The settlement history of the Upper Delaware is long and varied, marked by changing climate and economic conditions. Native American populations may have lived along the banks of the Upper Delaware as early as 15,000 B.C., although it is likely that continued habitation may not have occurred until 6,000 B.C. or later. The Woodland Indian culture, dating from 1,000 B.C., was the first to practice agriculture. They gave way to the Minsi Indian culture, the group first encountered by Dutch traders as early as about 1614 A.D.
Swedish settlers were reported to have made their way as far north as Cochecton by 1630, but more substantial settlements did not spring up until the 1730s. That group of people known as Connecticut Yankees and a few Dutch settlers were the main arrivals to the area during the late 18th and early 19th centuries. They were followed by the Irish, who helped build the D & H Canal and Erie Railroad, and by the Germans, who came to farm the land. The typical new arrival during the 20th century has been the urban resident looking for green space and a better quality of life.
Economically, the area has ridden the waves of transportation development and the extraction of natural resources. The construction of the Newburgh-Cochecton Turnpike around 1800 was the first of the main roads to traverse the area. It was followed by the Delaware & Hudson Canal, completed in 1828. The Erie Railroad began operations through the Upper Delaware Valley in 1851, and the final major transportation route, New York Highway 97, was completed in 1940.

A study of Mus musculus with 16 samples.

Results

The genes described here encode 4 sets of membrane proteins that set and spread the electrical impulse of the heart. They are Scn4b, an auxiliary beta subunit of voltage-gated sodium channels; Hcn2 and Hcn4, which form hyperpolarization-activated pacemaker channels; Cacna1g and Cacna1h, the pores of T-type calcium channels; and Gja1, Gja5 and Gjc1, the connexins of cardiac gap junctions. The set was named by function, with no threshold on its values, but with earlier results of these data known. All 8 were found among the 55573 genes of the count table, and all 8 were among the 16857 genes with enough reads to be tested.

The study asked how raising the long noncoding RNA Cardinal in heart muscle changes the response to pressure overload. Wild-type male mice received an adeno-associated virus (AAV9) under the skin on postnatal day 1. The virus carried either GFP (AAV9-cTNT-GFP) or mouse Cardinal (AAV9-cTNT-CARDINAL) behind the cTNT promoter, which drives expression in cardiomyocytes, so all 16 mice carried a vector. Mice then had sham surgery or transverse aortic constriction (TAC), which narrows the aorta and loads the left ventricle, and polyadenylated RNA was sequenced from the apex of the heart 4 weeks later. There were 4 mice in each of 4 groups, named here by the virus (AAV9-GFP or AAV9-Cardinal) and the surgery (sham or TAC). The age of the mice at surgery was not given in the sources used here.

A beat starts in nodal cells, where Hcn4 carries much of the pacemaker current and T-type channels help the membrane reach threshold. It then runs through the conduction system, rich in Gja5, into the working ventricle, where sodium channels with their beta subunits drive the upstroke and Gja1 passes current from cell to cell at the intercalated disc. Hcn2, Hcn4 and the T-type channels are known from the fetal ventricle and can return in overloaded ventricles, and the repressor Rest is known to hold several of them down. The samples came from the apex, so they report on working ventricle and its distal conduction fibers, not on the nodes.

Timber rafting began in the 1760s, developing into a focal point of the local economy after the Revolution. During the peak years in the mid-19th century, over 50 million board feet of pine and hemlock were shipped down river annually. It was not until the early 20th century, when easily marketable forests had been logged, that the industry declined and died. From the 1850s until the 1880s, tanneries were major industries in the valley, but they ceased to operate after the hemlock groves they used to obtain tannin were largely cut over. Quarrying operations took the place of the tanneries, and rock such as bluestone was shipped in large quantities to places such as New York City and Jersey City for streets and curbs. The industry has changed, but it is still viable.
Agricultural land is an important economic resource within the river corridor. Historically, agriculture played a large role in the settlement and economic development of the river corridor, but in recent decades much of the farmland has returned to forested condition. Areas of fertile, well-drained silt and sandy loam soils support good crop land and pasture land. dairy and field crops are important elements of farm production in the river valley.